When most people talk about sleep apnea, they tend to focus on obstructive sleep apnea — interruptions to breathing that occur due to fatty tissues closing off the throat. While obstructive sleep apnea is the most common form of sleep apnea, central sleep apnea is still worth noting. Though it is less common, it still results in interruptions to breathing during sleep, and can prove just as problematic for your long-term health outcomes.

Here is what you should know about central sleep apnea.

How is Central Sleep Apnea Different From Obstructive Sleep Apnea?


Roughly half of central sleep apnea cases are attributed to Cheyne-Stokes breathing. This is a condition in which a person’s breathing alternates between rapid and slow breaths, after which breathing stops for a period before the cycle begins again.

Other forms of central sleep apnea are related to neuromuscular disease, which can result in extremely weak respiratory muscles; or tumors, strokes, or other trauma that affects the brain stem, which controls the breathing process.

Interestingly, some forms of central sleep apnea tend to be more temporary. For example, some people experience altitude-induced periodic breathing when they go to high elevations above 8,000 feet. Because there is less oxygen in the air, they begin to take faster, deeper breaths, which can cause pauses during sleep. Certain narcotics, particularly opioids, can also interfere with the brain’s ability to regulate breathing during sleep. Generally, when these exterior issues are removed, the central sleep apnea will resolve on its own.

In addition, some people who have obstructive sleep apnea will develop central sleep apnea after beginning CPAP treatment. This condition, usually referred to as either complex or mixed sleep apnea, often will resolve on its own as the individual continues treatment. In some cases, however, adjustments to CPAP therapy may be required.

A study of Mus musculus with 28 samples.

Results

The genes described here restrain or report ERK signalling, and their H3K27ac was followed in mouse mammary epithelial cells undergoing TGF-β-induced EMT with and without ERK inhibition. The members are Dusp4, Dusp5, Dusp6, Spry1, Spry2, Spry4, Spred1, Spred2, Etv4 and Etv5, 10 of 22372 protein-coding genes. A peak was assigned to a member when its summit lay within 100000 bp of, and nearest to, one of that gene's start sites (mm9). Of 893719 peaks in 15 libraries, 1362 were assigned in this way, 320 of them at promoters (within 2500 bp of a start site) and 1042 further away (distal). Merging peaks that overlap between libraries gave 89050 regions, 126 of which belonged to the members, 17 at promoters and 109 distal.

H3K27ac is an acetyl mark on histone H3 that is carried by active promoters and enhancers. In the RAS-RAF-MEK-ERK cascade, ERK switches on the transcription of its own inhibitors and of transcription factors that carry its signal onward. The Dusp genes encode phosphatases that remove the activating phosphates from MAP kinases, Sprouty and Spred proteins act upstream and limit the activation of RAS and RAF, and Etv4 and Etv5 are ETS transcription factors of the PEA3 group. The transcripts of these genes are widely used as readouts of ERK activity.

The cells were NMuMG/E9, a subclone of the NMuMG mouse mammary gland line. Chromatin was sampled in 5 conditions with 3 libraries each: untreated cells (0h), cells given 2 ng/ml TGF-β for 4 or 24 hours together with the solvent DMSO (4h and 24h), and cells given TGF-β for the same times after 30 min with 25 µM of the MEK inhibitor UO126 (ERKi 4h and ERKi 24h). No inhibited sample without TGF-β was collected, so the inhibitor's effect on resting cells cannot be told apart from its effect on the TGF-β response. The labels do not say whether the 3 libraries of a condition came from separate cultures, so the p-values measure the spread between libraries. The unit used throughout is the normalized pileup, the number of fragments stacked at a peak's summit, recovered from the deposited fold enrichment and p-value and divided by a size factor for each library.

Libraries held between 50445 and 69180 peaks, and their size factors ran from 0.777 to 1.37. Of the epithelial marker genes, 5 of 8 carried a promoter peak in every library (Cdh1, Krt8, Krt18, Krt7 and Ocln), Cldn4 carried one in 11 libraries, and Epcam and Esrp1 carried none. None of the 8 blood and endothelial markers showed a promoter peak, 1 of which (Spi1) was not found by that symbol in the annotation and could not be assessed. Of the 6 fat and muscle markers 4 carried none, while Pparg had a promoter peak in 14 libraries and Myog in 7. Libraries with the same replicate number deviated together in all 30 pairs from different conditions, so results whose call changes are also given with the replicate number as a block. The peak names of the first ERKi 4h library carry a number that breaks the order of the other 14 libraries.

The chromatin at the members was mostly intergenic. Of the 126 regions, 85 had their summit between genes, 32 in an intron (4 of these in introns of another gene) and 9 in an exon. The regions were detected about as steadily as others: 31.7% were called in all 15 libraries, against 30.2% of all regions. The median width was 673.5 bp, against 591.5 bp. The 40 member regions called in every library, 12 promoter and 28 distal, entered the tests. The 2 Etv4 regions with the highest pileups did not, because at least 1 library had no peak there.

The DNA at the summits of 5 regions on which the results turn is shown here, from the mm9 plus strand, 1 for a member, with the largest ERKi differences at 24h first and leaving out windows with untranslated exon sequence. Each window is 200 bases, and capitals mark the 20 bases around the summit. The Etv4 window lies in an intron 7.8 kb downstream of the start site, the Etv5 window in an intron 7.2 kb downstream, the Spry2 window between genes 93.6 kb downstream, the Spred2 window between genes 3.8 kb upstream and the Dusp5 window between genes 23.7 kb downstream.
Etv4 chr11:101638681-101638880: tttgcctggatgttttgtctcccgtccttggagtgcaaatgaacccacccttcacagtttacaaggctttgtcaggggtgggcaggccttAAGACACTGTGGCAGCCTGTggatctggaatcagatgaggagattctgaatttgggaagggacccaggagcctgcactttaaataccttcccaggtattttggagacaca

Risk Factors For Central Sleep Apnea


Similar to obstructive sleep apnea, central sleep apnea is more likely to occur in men and older adults. Because heart disease is often linked with obesity, overweight individuals are also more likely to develop central sleep apnea as a result of weight-related heart problems.

Central sleep apnea can lead to other serious medical conditions, including an increased risk of stroke, heart attack, high blood pressure, and fatigue-related accidents while driving or at work.

Diagnosing and Treating Central Sleep Apnea

hooking up CPAP mask

When central sleep apnea goes untreated, it can cause fragmented sleep with frequent interruptions throughout the night. Even if you get a “full” night’s rest, you will still be drowsy, moody, and have trouble concentrating due to intense fatigue the next morning. Morning headaches are another common symptom of central sleep apnea.

Unlike obstructive sleep apnea, individuals with central sleep apnea typically don’t snore as a result of their condition. While your bed partner may notice pauses in breathing during the night, the quiet nature of these interruptions makes them less likely to notice that something is wrong than with obstructive sleep apnea.

If you suspect that you may be suffering from central sleep apnea — particularly if you have medical conditions such as heart disease or a neurological disease — you should schedule a sleep study, also known as a polysomnogram.

During the study, sleep specialists will monitor several key metrics, including your brain and muscle activity, heart rate, blood oxygen level, breathing patterns, and air flow. By monitoring these factors throughout the night, they can identify whether you suffer from central sleep apnea or another condition, and determine its severity.

If you are diagnosed with central sleep apnea, you will likely be prescribed a CPAP or BiPAP machine. These devices provide pressurized air throughout the night, ensuring that your lungs get plenty of oxygen, even when your brain doesn’t send the appropriate signals.

In addition to using a CPAP or BiPap device, your doctor may advise that you take steps such as losing excess weight, sleeping on your side, using nasal sprays to reduce congestion, or changing medications. These healthy steps can lower your risk of both obstructive and central sleep apnea episodes.

Get the Equipment You Need at No Insurance Medical Supplies

If you have been diagnosed with central sleep apnea, you may have been discouraged after seeing the price tags associated with CPAP and BiPAP equipment. Without insurance coverage, the idea of paying for this equipment yourself can be quite daunting.

This is where No Insurance Medical Supplies can make a difference. We offer a wide-range of CPAP and BiPAP machines from top brands such as ResMed — and all at a significant discount off MSRP. In addition to our discounted prices, you can also make your purchase more affordable with available financing for purchases over $500 through CareCredit or TimePayment.

Regardless of whether you have central sleep apnea or obstructive sleep apnea, the right medical equipment will make all the difference for your sleep quality and overall wellbeing. Don’t wait to get the help you need. If you have a valid prescription, you can place your order today to start enjoying the better sleep you deserve.